Almost every day, a new initiative to build awareness of people with disabilities like muscular dystrophy comes front and center to promote their abilities while downplaying their physical challenges.
Yes, people with disabilities face and overcome obstacles every day, but their disability does not and should not define them. New programs to help those without disabilities get over their fear and discomfort in approaching people with disabilities are long overdue and gaining traction worldwide.
What we sometimes forget, however, is that there are amazing programs out there which have been in existence for a long time. One such program is the Muscular Dystrophy Association (MDA) art collection.
The spectacular MDA collection was established more than 20 years ago 1992, and its main focus is to draw attention to the accomplishments of artists with disabilities, particularly muscular dystrophy, and to demonstrate that physical disabilities do not form effective barriers to artistic endeavors. All the artwork in this article was crafted by people with disabilities.
The collection is permanently housed at the MDA national headquarters in Tuscon, AZ, and has 400 holdings, all original works created by those with any of the neuromuscular disorders that are represented by the MDA program.
There are representatives in the collection from all fifty states, as well as Washington, DC and Puerto Rico, and showcases artwork created by individuals ranging in age from toddlers to 80+. It represents one of the most diverse collections of art in the entire country, a testament to the diversity of the artists involved.
The Collection isn’t just traditional paintings, either; there are digital designs, food collages, paintings created using wheelchairs and feet instead of brushes, in media that includes photography, oil, ink, pastel, crayon, bronze, woodworking, and ceramics. Whether your taste is still life, science fiction, or fantasy, you’ll find something that evokes an emotional response.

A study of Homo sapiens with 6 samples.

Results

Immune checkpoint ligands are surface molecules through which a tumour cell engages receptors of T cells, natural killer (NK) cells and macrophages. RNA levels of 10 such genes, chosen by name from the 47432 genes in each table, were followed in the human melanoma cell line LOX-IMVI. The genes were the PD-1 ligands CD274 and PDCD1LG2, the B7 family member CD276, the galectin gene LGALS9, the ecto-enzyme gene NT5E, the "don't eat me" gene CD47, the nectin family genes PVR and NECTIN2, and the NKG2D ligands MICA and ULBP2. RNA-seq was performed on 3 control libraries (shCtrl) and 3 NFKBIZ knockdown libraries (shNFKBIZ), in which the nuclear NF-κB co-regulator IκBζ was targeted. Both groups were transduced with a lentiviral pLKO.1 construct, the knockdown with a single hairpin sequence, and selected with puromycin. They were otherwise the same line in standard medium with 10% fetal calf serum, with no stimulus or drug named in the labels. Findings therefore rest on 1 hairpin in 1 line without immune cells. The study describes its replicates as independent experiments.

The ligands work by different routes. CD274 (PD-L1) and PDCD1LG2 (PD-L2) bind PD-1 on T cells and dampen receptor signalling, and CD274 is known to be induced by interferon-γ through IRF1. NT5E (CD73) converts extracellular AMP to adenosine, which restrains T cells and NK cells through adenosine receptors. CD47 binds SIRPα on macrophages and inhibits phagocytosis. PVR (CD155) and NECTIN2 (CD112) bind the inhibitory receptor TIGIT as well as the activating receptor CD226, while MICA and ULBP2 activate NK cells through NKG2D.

There’s a unique culture surrounding disability, distinctly represented by the MDA art collection. These artworks are a vehicle for this culture and allow strong communication of the day-to-day trials faced by those with various neuromuscular diseases.
Special exhibits from the collection are on a regular rotation, usually featuring from 20 to 40 different works, and they are on display anywhere from four to eight weeks at a time. Exhibits are put together and arranged by the museum’s curator and can be temporarily housed anywhere in the nation.
MDA exhibits have been seen at the Dallas Museum of Art, the Fort Lauderdale Museum of Art, the Los Angeles Children’s Museum, the Henry Ford Centennial Library in Dearborn, MI, and at the Capital Children’s Museum in Washington, D.C., as well as other major museums and libraries throughout the country.
Watch the video to see the absolutely incredible artwork in the collection and how it was created. Simply stunning! If you’ve produced artwork you’d like to share with the world, send your story and a photo of your work to email@example.com.